A Systematic Review of End-of-Life Visual Impairment in Open-Angle Glaucoma: An Epidemiological Autopsy


Purpose:

Glaucoma patients are still at risk of becoming blind. It is of clinical significance to determine the risk of blindness and its causes to prevent its occurrence. This systematic review estimates the number of treated glaucoma patients with end-of-life visual impairment (VI) and blindness and the factors that are associated with this.

Methods:

A systematic literature search in relevant databases was conducted in August 2014 on end-of-life VI. A total of 2574 articles were identified, of which 5 on end-of-life VI. Several data items were extracted from the reports and presented in tables.

Results:

All studies had a retrospective design. A considerable number of glaucoma patients were found to be blind at the end of their life; with up to 24% unilateral and 10% bilateral blindness. The following factors were associated with blindness: (1) baseline severity of visual field loss: advanced stage of glaucoma or substantial visual field loss at the initial visit; (2) factors influencing progression: fluctuation of intraocular pressure (IOP) during treatment, presence of pseudoexfoliation, poor patient compliance, higher IOP; (3) longer time period: longer duration of disease and older age at death because of a longer life expectancy; and (4) coexistence of other ocular pathology.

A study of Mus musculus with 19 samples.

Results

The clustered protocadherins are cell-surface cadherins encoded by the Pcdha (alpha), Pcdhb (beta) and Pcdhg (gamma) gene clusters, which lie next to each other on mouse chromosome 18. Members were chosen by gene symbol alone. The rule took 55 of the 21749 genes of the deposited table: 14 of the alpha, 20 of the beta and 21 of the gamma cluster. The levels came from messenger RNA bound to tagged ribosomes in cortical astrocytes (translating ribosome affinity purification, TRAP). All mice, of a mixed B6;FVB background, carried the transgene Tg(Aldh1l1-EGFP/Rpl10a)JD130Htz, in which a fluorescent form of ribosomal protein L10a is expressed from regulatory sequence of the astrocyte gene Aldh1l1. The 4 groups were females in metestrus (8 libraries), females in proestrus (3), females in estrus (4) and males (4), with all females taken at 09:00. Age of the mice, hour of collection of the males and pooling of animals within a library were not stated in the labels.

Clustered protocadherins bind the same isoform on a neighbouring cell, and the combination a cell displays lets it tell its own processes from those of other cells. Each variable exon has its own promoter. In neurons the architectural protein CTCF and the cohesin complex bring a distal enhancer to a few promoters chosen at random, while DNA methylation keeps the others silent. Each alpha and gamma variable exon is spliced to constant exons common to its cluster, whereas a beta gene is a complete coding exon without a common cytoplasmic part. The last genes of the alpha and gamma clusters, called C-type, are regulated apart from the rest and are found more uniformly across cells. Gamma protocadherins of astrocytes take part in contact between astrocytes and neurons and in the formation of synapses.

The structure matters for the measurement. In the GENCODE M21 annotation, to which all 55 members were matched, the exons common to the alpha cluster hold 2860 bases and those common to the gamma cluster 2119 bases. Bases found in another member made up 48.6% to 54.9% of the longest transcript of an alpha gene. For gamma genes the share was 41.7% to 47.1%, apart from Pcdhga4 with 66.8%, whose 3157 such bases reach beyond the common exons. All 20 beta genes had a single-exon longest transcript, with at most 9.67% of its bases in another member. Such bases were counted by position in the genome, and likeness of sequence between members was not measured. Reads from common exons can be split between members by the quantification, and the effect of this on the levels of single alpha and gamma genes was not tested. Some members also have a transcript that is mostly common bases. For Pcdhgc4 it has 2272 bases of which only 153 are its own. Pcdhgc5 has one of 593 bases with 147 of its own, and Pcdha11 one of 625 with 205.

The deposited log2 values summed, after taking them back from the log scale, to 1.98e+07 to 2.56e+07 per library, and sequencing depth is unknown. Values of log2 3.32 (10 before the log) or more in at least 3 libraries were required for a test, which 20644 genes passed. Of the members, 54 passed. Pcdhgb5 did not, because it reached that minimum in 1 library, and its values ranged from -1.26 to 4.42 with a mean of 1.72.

Conclusions:

Further prevention of blindness in glaucoma patients is needed. To reach this goal, it is important to address the risk factors for blindness identified in this review, especially those that can be modified, such as advanced disease at diagnosis, high and fluctuating IOP, and poor compliance.